A real-life Sleeping Beauty has told how she is trapped in the grimmest fairytale of all.
Helen Waterson, 36, suffers from a rare condition that causes her to sleep for 21 hours a day – and she can stay awake for the other three hours only by taking heavy drugs with debilitating side-effects.
And while Sleeping Beauty was woken by a prince’s kiss, Helen knows her own story is unlikely to have a happy ending.
“At least in the fairytale she got to wake from her sleep,” she says.
“I go through life either sleeping or feeling like I’m sleepwalking. I’ve missed all the important moments of my life.
“I don’t have a social life; I don’t have a love life. With this illness you don’t live, you just exist.”
Winner: But Helen even felt tired as a child
Helen has Kleine-Levin Syndrome – dubbed Sleeping Beauty Syndrome – which has no known cure and affects just 1,000 known sufferers worldwide.
It leaves her exhausted and in constant agony, unable to do anything more than struggle to the sofa in the little time she is able to stay awake.
The condition is also believed to have affected her long-term memory.
When Helen flicks through the family album she has no recollection of the holidays, birthdays and Christmases when she was pictured smiling for the camera.
She cannot remember her first day at school or her first kiss.
And now she is incapable of doing anything to build new memories for the future.
She recently had to give up her job as a mortgage manager due to her condition, and now spends her days at home where she lives alone with her two dogs.
Too exhausted to do anything more than watch TV for a couple of hours before dozing off again, she rarely goes out more than once a month and depends on her mum to shop for her.
After sleeping for 21 hours Helen struggles to wake, and for that she relies on black Labrador Sooty and rottweiler Barney.
Memory loss: She can’t remember her first day at school
Sooty will nudge her arm to wake her, and if she is still sleeping after an hour of this, 12-stone Barney barks into her face – rousing her from sleep with a noise Helen likens to that of a pneumatic drill.
Once awake, it can take from 10 minutes to an hour for Helen to properly open her eyes and for her limbs to become fully mobile, because her muscles become stiff and painful while she sleeps.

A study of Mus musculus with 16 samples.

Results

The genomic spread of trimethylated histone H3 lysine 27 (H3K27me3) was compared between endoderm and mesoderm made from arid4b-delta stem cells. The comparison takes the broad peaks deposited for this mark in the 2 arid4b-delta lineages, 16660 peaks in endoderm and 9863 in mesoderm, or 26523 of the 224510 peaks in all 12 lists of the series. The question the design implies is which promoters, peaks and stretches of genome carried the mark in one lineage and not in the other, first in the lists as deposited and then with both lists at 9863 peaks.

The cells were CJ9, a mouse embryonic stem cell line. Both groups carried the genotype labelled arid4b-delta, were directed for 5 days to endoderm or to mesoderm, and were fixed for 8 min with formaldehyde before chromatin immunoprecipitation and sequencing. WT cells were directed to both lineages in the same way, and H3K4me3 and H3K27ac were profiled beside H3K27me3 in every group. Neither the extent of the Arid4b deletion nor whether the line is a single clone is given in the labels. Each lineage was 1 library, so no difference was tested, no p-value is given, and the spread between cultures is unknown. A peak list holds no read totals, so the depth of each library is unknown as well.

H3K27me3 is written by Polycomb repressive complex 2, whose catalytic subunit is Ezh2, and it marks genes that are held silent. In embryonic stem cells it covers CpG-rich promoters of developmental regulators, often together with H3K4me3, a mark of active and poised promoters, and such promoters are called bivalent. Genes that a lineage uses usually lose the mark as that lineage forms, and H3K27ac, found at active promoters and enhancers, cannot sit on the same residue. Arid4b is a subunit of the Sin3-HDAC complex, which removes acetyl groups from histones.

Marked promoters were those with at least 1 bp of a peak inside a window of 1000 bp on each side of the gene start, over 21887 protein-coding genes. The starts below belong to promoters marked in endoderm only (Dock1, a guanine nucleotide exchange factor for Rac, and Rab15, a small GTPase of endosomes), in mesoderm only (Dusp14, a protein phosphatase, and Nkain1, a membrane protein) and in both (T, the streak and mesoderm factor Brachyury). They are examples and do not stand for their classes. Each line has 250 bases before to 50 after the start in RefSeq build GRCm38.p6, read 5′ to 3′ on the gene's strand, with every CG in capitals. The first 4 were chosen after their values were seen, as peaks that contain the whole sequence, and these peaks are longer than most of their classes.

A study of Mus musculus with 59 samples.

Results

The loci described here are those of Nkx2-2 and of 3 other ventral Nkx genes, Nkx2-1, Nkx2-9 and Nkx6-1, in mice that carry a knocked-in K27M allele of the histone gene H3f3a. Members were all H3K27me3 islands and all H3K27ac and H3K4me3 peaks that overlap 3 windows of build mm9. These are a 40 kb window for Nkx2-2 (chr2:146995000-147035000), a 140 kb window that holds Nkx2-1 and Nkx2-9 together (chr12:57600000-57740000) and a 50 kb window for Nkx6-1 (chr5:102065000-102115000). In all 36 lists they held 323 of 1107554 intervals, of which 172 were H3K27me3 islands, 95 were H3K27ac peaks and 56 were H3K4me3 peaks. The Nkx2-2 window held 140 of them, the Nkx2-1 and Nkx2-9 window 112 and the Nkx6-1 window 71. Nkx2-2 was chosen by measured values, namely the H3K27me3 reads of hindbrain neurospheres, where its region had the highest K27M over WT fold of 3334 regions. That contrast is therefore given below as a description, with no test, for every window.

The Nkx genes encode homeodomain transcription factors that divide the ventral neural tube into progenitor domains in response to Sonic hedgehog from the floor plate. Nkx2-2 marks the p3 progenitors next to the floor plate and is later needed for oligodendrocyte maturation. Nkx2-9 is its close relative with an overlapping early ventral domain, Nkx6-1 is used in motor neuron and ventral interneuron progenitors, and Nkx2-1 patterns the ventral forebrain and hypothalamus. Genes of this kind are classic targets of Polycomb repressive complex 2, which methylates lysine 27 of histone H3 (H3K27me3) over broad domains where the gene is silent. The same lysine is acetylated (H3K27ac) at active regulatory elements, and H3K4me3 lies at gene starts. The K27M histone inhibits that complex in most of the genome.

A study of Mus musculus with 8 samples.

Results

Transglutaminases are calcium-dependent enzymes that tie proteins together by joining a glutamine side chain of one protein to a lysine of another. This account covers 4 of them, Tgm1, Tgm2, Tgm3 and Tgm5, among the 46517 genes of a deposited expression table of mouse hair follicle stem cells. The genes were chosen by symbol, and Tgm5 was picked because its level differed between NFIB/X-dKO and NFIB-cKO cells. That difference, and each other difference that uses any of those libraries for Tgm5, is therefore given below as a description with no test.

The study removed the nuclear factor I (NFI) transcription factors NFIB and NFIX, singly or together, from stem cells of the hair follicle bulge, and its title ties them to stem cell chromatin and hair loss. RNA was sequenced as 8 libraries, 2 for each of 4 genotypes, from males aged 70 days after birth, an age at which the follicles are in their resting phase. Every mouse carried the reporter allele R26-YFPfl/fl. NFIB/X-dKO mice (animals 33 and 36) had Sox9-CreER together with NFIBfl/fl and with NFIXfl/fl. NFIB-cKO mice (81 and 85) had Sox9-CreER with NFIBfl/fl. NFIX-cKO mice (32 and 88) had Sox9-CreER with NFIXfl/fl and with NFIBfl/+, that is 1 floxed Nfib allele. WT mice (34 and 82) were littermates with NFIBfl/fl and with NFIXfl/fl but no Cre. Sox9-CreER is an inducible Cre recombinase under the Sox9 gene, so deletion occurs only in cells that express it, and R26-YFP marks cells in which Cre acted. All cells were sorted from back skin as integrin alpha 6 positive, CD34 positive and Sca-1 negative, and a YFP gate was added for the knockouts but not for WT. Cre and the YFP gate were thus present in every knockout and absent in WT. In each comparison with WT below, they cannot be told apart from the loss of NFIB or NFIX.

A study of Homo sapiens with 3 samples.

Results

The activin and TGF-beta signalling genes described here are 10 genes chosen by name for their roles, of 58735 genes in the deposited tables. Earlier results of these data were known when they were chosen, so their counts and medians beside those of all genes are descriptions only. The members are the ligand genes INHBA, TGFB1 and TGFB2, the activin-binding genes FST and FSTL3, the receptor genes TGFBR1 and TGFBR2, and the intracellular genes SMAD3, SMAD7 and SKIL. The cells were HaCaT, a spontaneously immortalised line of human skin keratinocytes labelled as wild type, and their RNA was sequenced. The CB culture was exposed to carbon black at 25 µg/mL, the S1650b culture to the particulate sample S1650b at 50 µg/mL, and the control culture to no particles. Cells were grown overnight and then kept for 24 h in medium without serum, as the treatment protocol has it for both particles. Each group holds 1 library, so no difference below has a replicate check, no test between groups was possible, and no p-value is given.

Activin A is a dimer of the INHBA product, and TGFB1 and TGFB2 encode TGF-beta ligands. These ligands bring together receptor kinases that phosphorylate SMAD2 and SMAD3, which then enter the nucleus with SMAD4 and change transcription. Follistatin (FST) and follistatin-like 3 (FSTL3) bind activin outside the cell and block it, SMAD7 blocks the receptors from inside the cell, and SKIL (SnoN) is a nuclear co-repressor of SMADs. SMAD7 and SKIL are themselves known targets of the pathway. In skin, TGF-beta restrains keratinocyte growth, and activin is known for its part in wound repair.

Helen says: “My body is often so stiff and exhausted I can’t do the washing up, let alone socialise.
“Some days I just lie on the sofa because my muscles are so sore. I can’t even go out to celebrate my mum’s birthday next month because it will be too exhausting.”
She often has to lean on Barney to support her aching limbs as she walks around her bungalow in Aberporth in South Wales.
Helen was finally diagnosed four years ago, but she knew from a young age that something was wrong. Her entire childhood was blighted by exhaustion, with people assuming she was lazy and stupid. She recalls: “One of my only childhood memories is going to a restaurant with my family and I was exhausted.
“I was looking at the menu and tried to ask what type of fish they were serving. But I was so tired I couldn’t get my words out properly and asked, ‘what is a fish?’
“Before I could correct myself, my family started laughing at me and it became a joke that ran for years.”
As a teenager, while her schoolmates spent the summer holidays going to parties and playing outdoors, Helen would spend the whole six-week break asleep, waking only to eat, drink and go to the toilet.
Tragic: No one know she was ill
She says: “Looking back on my youth is like watching snippets from a film, fast-forwarding huge sections in between.
“I knew back then there was something wrong with me, but nobody knew about Sleeping Beauty Syndrome in the 1980s. They just called it ‘daydreaming’.”
In spite of her struggles, Helen graduated from university and landed a good job.
But in February 2009 she caught flu and slept for three-and-a-half weeks before her family managed to wake her.
Over the next 18 months Helen underwent tests for everything from narcolepsy to various infections. She was misdiagnosed with depression and prescribed antidepressants. But in 2010 she was finally told she had KLS.
Tests showed Helen falls into a deep sleep in under five minutes – for an average sleeper this usually takes up to two hours.
She says: “Finally receiving a diagnosis was a relief.
“Doctors told me I could use medication to control it, but the condition will continue to get worse.”
Helen did not turn to anyone for support because, as she says: “I’m used to dealing with things by myself, because nobody believed there was anything wrong with me all these years.”
Helen is one of the most extreme cases and is only able to stay awake with the aid of medication.
Sadly the pills have side-effects including poor coordination, extreme muscle pain, facial twitches and melasma, which causes black patches to appear on Helen’s face.
Neil Atkinson / Sunday Mirror Trapped: She can’t stay awake unaided
However, Helen says that without the drugs she would barely wake at all.
She adds: “Six months ago I tried reducing my medication by one pill, and I was only awake for half-an-hour that day.”
Helen agreed to speak to the Sunday Mirror to help raise awareness of the condition that will continue to blight all areas of her life.
Sadly she has accepted that the syndrome means she will always be alone.
She says: “I am constantly in pain and most of the time too exhausted and stiff to move. I can’t expect anyone to want to be in a relationship with someone like that.
“I really miss the companionship and I’d love to be a bride one day, but I can’t get married without a man.
“I’ve accepted being by myself because I feel I’ve been by myself in one way or another my whole life.
“Unlike the fairytale, I won’t be getting a happily ever after.”